As effective as chemotherapy and radiation can be in the treatment of cancer, both come with a wide variety of well-known side effects. Nausea, vomiting and gastrointestinal symptoms are common because rapidly dividing cells of the mucous membranes of the mouth, stomach, and intestines are often destroyed along with the cancer cells. Similarly, fatigue and anemia can occur when rapidly dividing cells of the bone marrow—which make red and white blood cells—get depleted.
The ingredients in this IV Therapy, when administered at the right time in conjunction with a comprehensive treatment plan provided by your oncologist can help mitigate some of these side effects. B vitamins and minerals, which are essential in cellular DNA formation, gene expression, neurotransmitter formation and energy production are included to provide support these fundamental biochemical processes. And powerful antioxidants like vitamin C, ALA, and glutathione can be added to help “mop-up" the increased oxidative burden that comes with cancer and its treatment after radiation and chemotherapy.
We encourage you to discuss the use of this IV Therapy with your treating oncologist—especially when including antioxidants—as the timing and use of these agents are important and sometimes controversial in overall treatment (see below for more details).
Pair With: After discussion with your oncologist, vitamin C, and glutathione for continued oral high-absorption antioxidant support.
Chemotherapy and radiation treatment create a huge increase in demand for new essential nutrients. This happens because “innocent bystander” tissues are damaged during treatment and new cells must be made to regenerate these tissues.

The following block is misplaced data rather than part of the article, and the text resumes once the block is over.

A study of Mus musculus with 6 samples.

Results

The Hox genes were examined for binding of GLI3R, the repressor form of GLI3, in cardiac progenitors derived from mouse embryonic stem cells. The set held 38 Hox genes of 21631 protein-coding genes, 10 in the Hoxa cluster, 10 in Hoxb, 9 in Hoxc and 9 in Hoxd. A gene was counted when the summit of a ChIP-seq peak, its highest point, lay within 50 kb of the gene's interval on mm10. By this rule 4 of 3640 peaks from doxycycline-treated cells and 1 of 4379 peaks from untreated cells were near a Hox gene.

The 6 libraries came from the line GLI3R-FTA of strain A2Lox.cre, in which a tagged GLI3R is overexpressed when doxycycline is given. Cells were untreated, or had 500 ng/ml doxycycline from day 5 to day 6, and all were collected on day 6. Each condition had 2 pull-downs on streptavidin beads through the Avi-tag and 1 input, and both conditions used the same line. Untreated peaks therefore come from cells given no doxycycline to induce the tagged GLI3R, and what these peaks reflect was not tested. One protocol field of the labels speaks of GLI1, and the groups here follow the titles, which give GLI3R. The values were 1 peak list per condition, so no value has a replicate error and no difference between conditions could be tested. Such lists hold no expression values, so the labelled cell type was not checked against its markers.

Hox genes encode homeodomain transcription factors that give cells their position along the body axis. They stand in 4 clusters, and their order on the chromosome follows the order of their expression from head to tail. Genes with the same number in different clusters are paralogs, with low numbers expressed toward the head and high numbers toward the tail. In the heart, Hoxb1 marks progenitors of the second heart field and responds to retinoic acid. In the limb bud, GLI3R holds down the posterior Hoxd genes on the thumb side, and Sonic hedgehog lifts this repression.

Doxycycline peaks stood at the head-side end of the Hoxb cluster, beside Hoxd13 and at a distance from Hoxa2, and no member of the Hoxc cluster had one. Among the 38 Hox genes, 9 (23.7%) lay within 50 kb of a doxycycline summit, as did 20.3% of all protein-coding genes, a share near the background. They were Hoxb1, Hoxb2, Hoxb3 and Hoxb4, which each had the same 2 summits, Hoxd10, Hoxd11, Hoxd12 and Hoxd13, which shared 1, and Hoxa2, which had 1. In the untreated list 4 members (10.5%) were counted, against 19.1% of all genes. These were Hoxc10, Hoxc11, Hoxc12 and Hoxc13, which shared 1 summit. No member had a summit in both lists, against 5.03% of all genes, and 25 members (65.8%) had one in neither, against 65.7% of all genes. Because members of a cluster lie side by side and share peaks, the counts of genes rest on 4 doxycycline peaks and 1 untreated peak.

This is why the basic form of this IV Therapy is built on key vitamins and minerals. Providing your body with high doses of these nutrients while you undergo chemotherapy and radiation provides your body support during this time of increased demand.
With your oncologist’s approval, we can also add powerful antioxidants to the IV Therapy which may further mitigate side effects. To understand why this works, we need to know a little bit about how radiation and chemotherapeutic agents work.
The actual mechanism that drives these treatments is the generation of free radicals. Free radicals are toxic oxidative substances such as reactive oxygen species (ROS) and reactive nitrogen species (RNS). When the generation of ROS/RNS exceeds cellular adaptive and repair capacities—a condition that is referred to as oxidative stress—biological molecules such as nucleic acids, proteins, and membrane phospholipids become damaged through oxidative reactions. Oxidative stress results in the failure of normal cellular functions and even cell death.
This is how radiation and some chemotherapeutic agents kill cancer cells. They drive up oxidative stress to the point where these cells—along with other “innocent bystanders”—are destroyed.
Ultimately the decision to use antioxidants as an adjunct to alleviate cancer treatment and side effects is a personal decision that should be arrived at with careful consideration of risks and benefits with one’s oncology doctor.
In cancer treatment to combat the side effects of chemotherapy and radiation. Use for defined periods while symptoms are severe and after careful discussion with your oncologist so that the treatments are timed safely away from the immediate use of chemotherapy and radiation if antioxidants are to be used.